On Friday, 8 March, the Ecuadorian National Electoral Council (Consejo Nacional Electoral, CNE) released the final voting results for the legislative and presidential elections held on 17 February. These results verify the dominance of the government party, Alianza Patria Altiva I Soberana (Alianza PAIS), and hint at a realignment of the party system. Riding the coattails of the popular incumbent president Rafael Correa, Alianza PAIS has transcended the historical tendency towards regionalization of the country’s parties through a strong performance across the country’s 34 electoral districts. This election marks an important milestone for democracy in Ecuador. President Correa is completing the first full term for an Ecuadorian president since Sixto Durán Ballén (1992-1996), and his time in office surpasses that of Isidro Ayora (1926-1931), making him the longest-serving president in the country’s history. His current mandate terminates on 10 August 2013. As expected, Correa easily won re-election in the first-round with 57% of the valid vote, and Alianza PAIS won a 92-seat majority in the 137-member unicameral legislative assembly (seat distribution is still being decided by the National Electoral Council, pending a ruling on potential voter fraud in the province of Guayas).
This is Correa’s third presidential election, winning in both 2006 and 2009. His first term was cut short in 2009 for early elections after the adoption of the 2008 Constitution. The 2008 Constitution, drafted by members of Alianza PAIS, allows for immediate one-time re-election. Correa’s 2009 election was the first since the return to democracy in 1979 that a candidate won the presidency without competing in a second-round, exceeding the 50 per cent threshold in the first-round.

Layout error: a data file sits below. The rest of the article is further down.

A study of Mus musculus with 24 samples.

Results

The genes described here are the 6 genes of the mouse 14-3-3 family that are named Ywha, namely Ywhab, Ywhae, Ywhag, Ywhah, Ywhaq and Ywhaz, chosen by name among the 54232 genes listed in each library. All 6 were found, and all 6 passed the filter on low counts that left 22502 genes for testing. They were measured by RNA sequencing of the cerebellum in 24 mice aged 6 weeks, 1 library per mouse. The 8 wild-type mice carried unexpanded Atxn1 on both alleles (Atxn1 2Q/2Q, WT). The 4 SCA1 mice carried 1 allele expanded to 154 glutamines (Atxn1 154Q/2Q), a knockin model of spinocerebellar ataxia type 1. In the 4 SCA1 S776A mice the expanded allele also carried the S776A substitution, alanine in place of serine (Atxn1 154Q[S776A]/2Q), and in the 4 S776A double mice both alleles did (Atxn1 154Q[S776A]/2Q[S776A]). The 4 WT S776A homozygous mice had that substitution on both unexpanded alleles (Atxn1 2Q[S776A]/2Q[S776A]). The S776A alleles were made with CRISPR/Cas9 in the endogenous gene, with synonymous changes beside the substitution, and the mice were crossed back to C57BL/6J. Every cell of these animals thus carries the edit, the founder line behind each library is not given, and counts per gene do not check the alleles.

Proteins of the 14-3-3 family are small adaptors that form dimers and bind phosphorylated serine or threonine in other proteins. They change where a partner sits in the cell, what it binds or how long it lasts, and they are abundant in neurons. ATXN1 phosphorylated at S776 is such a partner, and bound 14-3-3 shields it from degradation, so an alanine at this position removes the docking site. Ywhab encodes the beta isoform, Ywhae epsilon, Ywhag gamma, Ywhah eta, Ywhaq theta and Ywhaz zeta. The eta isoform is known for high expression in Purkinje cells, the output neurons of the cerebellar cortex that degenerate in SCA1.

The president’s overwhelming support in the election can be credited to a number of factors, including: increased government reserves due to strong oil prices and increased tax revenues; increased social spending and subsequent reduction of poverty and unemployment; increased access to healthcare; and improved infrastructure. However, this should not suggest that the administration has proceeded without conflict. A violent confrontation between Correa and the national police erupted on 30 September 2010 in response to expected benefit cuts. Correa has also faced significant criticism for undercutting democratic institutions (including an unconstitutional reform of the judiciary) and directly challenging freedom of press.
The president is elected using a majority-runoff system. A candidate can by-pass the second round if she wins the first-round with more than 50 per cent of the vote, or between 40 and 50 per cent of the vote with a 10 percentage point margin of victory. The second-round is between the top two candidates, which would have been held on 7 April 2013.